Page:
Nixo Lanning ensures the deaf community is receiving accurate and timely information
CNM Instructor Serves Passionately as Deaf Interpreter During COVID-19 Press Conferences
Nixo, left, translating for Governor Michelle Lujan Grisham

Apr 08, 2020

The COVID-19 outbreak put Nixo Lanning in the spotlight in a way she never expected.

Nixo, who teaches American Sign Language at CNM, has been working as a Deaf Interpreter  during press conferences around the state (she’s interpreted for everyone from Governor Michelle Lujan Grisham to Albuquerque Mayor Tim Keller), and her style of interpretation has not only played a crucial role for the Deaf community, but also gained a lot of attention from everyone else.

The Albuquerque Journal recently wrote an article about her because her style of interpretation is so eloquent and passionate that it’s hard not to be captivated while watching.

“I’m just doing my job,” says Nixo, who we spoke too through a hearing interpreter. “I’m here to break down what can be a complicated message and ensure the deaf community gets the same access to important information.”

Here’s how Nixo does her job. As the governor or other elected officials speak, a hearing interpreter, who’s sitting behind the camera, uses a mix of American Sign Language and English to relay the information to Nixo. Nixo then quickly finds a way to encapsulate that information for a broad audience and uses American Sign Language to broadcast it for the Deaf community.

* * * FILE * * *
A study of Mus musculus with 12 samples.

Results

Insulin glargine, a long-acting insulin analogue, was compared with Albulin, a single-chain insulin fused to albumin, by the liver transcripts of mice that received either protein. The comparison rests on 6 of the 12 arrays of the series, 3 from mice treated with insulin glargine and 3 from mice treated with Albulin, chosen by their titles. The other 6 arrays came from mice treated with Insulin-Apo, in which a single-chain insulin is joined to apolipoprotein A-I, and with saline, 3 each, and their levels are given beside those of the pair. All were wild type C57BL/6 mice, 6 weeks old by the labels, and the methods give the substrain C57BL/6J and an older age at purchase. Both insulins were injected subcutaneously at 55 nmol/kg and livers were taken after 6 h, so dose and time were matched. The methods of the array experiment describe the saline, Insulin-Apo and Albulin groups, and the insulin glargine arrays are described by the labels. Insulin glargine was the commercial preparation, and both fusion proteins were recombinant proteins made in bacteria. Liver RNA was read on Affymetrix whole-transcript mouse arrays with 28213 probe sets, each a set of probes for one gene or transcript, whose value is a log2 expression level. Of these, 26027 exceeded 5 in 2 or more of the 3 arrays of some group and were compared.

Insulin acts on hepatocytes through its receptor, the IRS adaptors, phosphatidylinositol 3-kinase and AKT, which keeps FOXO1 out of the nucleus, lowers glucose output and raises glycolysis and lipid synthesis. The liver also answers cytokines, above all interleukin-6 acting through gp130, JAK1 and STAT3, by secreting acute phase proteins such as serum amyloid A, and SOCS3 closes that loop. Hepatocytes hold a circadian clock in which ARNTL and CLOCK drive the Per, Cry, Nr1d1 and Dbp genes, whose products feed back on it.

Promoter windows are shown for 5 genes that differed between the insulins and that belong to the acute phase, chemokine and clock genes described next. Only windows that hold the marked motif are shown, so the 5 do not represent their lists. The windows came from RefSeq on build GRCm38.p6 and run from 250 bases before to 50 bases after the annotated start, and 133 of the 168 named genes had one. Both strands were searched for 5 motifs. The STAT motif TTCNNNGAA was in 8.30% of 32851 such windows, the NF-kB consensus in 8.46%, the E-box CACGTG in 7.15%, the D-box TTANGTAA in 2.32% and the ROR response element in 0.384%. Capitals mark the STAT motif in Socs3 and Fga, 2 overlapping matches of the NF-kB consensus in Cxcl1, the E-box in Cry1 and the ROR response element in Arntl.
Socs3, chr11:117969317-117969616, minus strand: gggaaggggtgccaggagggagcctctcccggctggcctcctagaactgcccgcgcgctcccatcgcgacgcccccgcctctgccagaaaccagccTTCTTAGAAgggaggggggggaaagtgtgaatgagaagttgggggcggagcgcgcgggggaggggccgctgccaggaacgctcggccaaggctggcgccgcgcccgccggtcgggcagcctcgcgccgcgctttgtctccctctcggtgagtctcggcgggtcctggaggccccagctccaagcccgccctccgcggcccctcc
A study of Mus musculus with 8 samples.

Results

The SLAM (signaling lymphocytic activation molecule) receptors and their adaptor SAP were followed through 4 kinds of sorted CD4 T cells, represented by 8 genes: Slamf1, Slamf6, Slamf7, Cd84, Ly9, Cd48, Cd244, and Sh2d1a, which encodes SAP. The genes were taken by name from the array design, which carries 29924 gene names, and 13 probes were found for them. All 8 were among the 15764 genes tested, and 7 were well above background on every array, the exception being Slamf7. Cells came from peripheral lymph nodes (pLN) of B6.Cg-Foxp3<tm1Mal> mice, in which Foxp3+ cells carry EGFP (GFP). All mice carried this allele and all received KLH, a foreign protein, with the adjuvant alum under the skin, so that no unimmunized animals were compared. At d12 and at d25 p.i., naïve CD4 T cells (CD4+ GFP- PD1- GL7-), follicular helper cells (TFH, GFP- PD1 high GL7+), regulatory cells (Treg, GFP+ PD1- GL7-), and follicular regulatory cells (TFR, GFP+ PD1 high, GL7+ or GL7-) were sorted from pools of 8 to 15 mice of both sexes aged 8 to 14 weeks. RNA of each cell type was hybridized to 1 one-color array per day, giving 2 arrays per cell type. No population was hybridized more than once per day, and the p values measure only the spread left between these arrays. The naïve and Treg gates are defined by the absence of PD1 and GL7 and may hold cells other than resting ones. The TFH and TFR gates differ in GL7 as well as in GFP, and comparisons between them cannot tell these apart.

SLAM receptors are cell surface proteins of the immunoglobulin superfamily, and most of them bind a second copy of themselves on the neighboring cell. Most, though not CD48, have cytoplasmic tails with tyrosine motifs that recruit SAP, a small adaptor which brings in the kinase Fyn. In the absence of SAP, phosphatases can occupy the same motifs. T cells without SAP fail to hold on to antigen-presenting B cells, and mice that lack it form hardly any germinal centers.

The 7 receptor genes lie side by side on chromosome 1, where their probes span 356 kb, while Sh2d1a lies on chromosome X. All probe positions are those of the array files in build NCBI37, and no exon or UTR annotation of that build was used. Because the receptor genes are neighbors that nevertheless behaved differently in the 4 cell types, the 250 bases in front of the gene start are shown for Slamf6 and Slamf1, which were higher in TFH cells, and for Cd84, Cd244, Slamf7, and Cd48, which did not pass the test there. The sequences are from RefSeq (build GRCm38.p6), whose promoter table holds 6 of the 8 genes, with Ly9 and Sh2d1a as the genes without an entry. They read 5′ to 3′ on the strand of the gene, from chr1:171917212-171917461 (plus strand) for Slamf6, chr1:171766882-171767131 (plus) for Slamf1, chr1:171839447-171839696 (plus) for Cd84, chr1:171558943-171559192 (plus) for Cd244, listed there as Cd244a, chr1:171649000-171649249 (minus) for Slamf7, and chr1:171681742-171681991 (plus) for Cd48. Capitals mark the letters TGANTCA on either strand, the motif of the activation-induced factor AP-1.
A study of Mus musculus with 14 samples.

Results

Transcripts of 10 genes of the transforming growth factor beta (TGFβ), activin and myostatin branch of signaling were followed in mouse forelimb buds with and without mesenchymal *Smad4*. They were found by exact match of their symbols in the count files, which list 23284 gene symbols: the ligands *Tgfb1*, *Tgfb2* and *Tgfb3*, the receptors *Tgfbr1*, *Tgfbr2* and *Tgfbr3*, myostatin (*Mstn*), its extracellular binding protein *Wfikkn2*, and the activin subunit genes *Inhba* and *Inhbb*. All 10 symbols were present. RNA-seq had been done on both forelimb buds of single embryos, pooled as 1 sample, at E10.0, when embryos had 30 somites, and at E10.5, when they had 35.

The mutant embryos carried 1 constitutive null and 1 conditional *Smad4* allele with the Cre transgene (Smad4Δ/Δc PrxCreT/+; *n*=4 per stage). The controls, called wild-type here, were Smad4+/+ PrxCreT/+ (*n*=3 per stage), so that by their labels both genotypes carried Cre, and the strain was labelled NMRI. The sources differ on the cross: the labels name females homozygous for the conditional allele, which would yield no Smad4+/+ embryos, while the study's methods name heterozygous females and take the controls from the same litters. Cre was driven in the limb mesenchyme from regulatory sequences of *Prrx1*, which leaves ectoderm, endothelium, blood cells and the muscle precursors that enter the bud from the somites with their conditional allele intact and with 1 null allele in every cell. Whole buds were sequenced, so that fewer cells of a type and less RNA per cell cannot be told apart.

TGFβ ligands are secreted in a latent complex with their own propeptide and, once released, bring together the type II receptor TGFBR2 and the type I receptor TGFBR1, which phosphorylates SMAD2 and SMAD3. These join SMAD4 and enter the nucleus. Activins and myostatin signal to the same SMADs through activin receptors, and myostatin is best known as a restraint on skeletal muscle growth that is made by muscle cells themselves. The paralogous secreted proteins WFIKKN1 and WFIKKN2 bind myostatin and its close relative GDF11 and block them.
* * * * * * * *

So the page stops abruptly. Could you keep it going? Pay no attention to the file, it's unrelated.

The encapsulation part of her job is particularly important. Just like the hearing community, Nixo says the deaf community has a broad range of registers. Some might use more slang when they speak, and some use a more traditional form of American Sign Language. She has to find a way to communicate with all of them. As an example, she uses a straight-forward sign for the virus that’s easy to see—a fist punched into her palm with her fingers splayed. 

“I’m always trying to find the middle ground,” she says. 

Previous interpretation experience really helped Nixo be prepared. Before the outbreak, she worked as an interpreter in various fields including health care, mental health, and education, all of which use complicated terminology and have high-stakes outcomes. She also has 40 hours of interpretation training and will become one of just a few Certified Deaf Interpreters in New Mexico once the organization starts re-administering the test. 

At this point, Nixo has done so many press conferences she’s lost count. But she says that’s a good thing. As a state, New Mexico is often criticized for a lack of services. But Nixo says New Mexico has been at the forefront of ensuring the Deaf community has reliable and consistent information during the outbreak. '

“I’m really glad that the state is recognizing our needs for access,” she says. "Before, the needs of the Deaf community were sometimes thrown under the rug, but now everyone seems to be more open-minded and considerate, and that’s a big step forward.”

Learn more about CNM’s American Sign Language Certificate program.